An engineering student from the Philippines named "Carvey Ehren Maigue" was just awarded the first-ever James Dyson Global Sustainability Prize for developing a potentially groundbreaking new solar technology.
Unlike conventional solar panels, which require direct sunlight to generate an appreciable amount of power, Maigue's new solar panels can produce electricity from the invisible ultraviolet sunlight that passes through the clouds on overcast days.
The upshot is that while conventional solar panels are only capable of generating power less than 25 percent of the time, in preliminary testing Maigue's new tech was shown to produce power almost 50 percent of the time.
But that's just the first environmental benefit of this remarkable new tech.
Besides more than doubling the amount of time that solar energy can be harvested, Maigue's invention also has the potential to cut down on global waste since it's made from wasted crops.
Inspired by the Aurora Borealis
Maigue named his new tech “AuREUS” after the “aurora borealis" because his invention was inspired by the physics behind the famed "northern lights."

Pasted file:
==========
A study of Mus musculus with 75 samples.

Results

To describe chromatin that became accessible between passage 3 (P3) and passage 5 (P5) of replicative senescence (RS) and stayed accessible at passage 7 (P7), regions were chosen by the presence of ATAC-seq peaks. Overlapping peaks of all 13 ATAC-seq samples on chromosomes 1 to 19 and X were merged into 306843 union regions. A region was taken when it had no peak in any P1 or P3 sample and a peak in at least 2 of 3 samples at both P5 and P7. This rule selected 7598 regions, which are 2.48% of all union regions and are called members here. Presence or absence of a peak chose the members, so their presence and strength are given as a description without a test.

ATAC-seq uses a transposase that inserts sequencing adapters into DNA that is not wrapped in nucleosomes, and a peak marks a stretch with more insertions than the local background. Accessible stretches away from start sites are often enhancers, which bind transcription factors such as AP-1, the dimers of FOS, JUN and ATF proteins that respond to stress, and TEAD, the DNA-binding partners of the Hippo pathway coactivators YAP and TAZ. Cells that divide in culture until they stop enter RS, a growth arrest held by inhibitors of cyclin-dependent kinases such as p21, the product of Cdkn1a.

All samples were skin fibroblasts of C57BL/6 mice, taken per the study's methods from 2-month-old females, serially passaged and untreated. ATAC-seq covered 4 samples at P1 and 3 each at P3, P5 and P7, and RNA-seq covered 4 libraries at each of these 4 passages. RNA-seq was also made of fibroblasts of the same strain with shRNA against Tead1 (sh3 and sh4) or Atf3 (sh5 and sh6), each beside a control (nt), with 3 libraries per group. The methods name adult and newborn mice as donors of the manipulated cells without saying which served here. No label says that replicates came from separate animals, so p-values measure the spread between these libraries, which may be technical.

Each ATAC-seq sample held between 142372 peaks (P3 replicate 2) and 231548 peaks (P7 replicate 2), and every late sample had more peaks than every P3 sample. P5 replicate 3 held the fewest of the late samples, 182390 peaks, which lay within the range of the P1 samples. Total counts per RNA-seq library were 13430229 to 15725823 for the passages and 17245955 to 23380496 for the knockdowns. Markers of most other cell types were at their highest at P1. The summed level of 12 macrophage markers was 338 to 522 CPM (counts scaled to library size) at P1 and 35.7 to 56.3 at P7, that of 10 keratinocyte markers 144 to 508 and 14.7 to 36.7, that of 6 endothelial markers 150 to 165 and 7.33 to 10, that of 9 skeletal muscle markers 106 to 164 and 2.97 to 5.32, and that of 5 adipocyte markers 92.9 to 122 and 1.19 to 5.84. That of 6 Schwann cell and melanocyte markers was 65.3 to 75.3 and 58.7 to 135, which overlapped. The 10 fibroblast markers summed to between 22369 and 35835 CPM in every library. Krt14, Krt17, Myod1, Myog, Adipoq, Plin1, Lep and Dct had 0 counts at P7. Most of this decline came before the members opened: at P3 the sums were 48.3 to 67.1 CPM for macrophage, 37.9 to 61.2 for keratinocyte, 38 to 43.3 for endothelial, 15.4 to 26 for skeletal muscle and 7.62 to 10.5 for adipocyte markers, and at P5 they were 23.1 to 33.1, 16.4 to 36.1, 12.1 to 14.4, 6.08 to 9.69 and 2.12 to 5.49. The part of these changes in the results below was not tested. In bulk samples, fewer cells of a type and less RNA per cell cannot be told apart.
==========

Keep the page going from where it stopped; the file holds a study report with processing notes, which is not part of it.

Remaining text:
The northern lights are the result of luminescent particles in the atmosphere that absorb high-energy light waves like ultraviolet or gamma rays and then emit them as visible light.
Realizing that fruits and vegetables contain similar bioluminescent particles, Maigue created a material from recycled food waste that can convert the dim ultraviolet sunlight that manages to break through on cloudy days into usable electricity.
To filter out the bioluminescent particles from wasted fruits and vegetables, Maigue developed a process that crushes them and extracts their juices, which are then distilled.
The extracted particles are suspended in resin, which is then molded into a covering material that can be clamped onto walls or sandwiched between the two panes of a double-glazed window.
Just as they do in plants during photosynthesis, the particles in the material convert UV light into visible light, which then gets reflected toward the panel's edges.
"The light relies on internal reflectance of the material to self-correct and guide itself towards the emitting edge," explained Maigue, who is a student at Mapua University in the Filipino capital of Manila. "This can be controlled by specific laser etching patterns as well."
After getting channeled to the panel's edges, the newly created visible light gets captured and converted into electricity by a string of regular photovoltaic (PV) cells.